Guest / Limited Access /

Bethlehem prepares itself for another gloomy Christmas. The town, usually buzzing with pre-Christmas activity, is now dead. An Associated Press story gives the picture: "George Juha sat in his empty Manger Square restaurant, flipping through a picture album, reminiscing about the good old days when hundreds of tourists, diplomats, and famous personalities lunched there. 'We've been closed most of the year. There are no tourists, so business is very slow,'' said Juha, 44, looking at 5-year-old pictures of U.S. congressmen enjoying a traditional Middle Eastern meal at his restaurant.

Bethlehem's mayor announced this week that Christmas celebrations would be limited to religious ceremonies. "I know that Bethlehem has a special place in the Christians' hearts, being the cradle of Jesus Christ, and for that I encourage all our Christian brethren to show their love for Bethlehem this Christmas by taking serious steps to save the city and its people, as it's in dire need for help preserve its prestigious place and its importance as a pilgrimage destination and a city of peace," the mayor said.

In addition, Israel barred Yasser Arafat from attending any celebrations in the city after a Christian delegation invited him. Arafat typically attends the Christmas ceremonies, but hasn't for three years while he has been confined to his Ramallah compound.

Christians have been fleeing the city at a rate of 1,000 per year, Reuters reports. "If this continues, our churches will be more like museums than living houses of prayer," said Father Amjad Sabbara, a senior Roman Catholic cleric, after celebrating mass before a sparse congregation of mostly gray-haired worshipers." Christians number only 50,000 in the West Bank and Gaza, less than half ...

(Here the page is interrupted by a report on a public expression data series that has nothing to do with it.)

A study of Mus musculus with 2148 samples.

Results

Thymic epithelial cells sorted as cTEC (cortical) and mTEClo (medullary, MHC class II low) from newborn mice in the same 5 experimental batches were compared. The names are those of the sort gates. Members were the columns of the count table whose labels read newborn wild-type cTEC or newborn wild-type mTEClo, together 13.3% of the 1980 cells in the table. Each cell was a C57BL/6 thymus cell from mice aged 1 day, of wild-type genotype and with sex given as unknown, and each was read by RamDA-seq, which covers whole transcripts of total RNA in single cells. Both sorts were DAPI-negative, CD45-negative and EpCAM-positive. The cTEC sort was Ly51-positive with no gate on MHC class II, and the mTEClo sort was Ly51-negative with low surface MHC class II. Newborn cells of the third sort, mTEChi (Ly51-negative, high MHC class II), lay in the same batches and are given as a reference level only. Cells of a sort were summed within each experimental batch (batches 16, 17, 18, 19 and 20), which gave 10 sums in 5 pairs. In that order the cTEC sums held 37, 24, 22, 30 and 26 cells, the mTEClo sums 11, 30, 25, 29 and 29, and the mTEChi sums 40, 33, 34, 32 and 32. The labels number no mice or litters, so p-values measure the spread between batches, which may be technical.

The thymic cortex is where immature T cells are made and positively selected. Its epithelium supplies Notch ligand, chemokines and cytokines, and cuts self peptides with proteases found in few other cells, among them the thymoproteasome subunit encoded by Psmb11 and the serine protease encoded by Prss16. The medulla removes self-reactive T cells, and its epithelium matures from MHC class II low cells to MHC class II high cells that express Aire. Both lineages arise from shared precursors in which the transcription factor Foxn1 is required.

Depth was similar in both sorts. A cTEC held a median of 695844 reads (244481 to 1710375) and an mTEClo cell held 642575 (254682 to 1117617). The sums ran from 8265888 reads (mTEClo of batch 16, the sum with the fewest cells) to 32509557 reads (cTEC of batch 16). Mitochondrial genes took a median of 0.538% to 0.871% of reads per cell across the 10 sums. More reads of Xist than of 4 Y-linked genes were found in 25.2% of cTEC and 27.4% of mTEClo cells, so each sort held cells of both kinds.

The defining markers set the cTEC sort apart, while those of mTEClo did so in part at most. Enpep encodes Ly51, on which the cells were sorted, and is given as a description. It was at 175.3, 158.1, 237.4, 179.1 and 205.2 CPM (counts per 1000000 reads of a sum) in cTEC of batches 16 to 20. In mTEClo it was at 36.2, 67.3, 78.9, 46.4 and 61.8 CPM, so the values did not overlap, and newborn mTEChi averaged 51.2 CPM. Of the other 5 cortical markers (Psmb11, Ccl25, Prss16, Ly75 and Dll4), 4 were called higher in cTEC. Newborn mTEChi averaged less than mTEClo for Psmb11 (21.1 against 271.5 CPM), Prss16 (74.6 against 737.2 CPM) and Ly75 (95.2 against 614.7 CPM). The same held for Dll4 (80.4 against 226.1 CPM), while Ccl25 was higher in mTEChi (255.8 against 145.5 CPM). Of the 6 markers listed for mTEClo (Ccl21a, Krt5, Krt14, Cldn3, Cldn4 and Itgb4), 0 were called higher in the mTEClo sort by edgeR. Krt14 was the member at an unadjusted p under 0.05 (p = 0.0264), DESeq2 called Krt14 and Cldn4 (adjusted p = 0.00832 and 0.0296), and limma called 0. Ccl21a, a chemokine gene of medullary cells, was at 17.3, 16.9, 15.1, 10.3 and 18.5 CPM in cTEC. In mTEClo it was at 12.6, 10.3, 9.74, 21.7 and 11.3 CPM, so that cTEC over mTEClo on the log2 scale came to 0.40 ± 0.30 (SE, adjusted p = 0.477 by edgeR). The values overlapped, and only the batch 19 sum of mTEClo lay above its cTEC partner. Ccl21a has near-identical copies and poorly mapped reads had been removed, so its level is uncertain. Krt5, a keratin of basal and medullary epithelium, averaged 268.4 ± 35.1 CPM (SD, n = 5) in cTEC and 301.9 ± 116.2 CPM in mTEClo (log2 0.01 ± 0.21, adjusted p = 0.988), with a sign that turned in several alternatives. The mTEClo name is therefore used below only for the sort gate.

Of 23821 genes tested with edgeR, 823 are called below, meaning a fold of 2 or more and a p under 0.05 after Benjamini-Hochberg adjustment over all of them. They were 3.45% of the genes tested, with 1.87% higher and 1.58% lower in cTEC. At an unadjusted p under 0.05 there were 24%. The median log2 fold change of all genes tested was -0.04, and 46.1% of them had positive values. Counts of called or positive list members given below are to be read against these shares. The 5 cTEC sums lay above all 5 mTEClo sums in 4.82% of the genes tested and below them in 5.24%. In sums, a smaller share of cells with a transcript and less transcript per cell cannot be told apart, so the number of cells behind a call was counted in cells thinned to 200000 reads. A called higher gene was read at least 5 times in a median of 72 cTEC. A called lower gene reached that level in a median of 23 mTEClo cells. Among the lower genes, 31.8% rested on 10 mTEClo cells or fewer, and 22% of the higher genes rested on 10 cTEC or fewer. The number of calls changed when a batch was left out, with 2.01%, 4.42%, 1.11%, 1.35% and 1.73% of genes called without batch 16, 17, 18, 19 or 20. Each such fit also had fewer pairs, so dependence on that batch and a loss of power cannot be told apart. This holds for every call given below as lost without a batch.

Subscriber access only You have reached the end of this Article Preview

To continue reading, subscribe now. Subscribers have full digital access.

Support Christian thought journalism. Donate to our nonprofit ministry today.
Tags:
Read These NextSee Our Latest
Current IssueWho Awaits the Messiah Most? Muslims
Subscriber Access Only
Who Awaits the Messiah Most? Muslims
Islam and Christianity share Second Coming hopes. Can this be a bridge?
TrendingThe Story Behind Trump’s Controversial Prayer Partner
The Story Behind Trump’s Controversial Prayer Partner
What Paula White’s Washington moment implies for the prosperity gospel’s future.
Editor's PickThe Church’s Integrity in the Trump Years
The Church’s Integrity in the Trump Years
It begins by recognizing the name above every name.
Christianity Today
Bethlehem Prepares for Dour Christmas
hide thisAccess The Archives

In the Archives

December 2003

To continue reading, subscribe now for full print and digital access.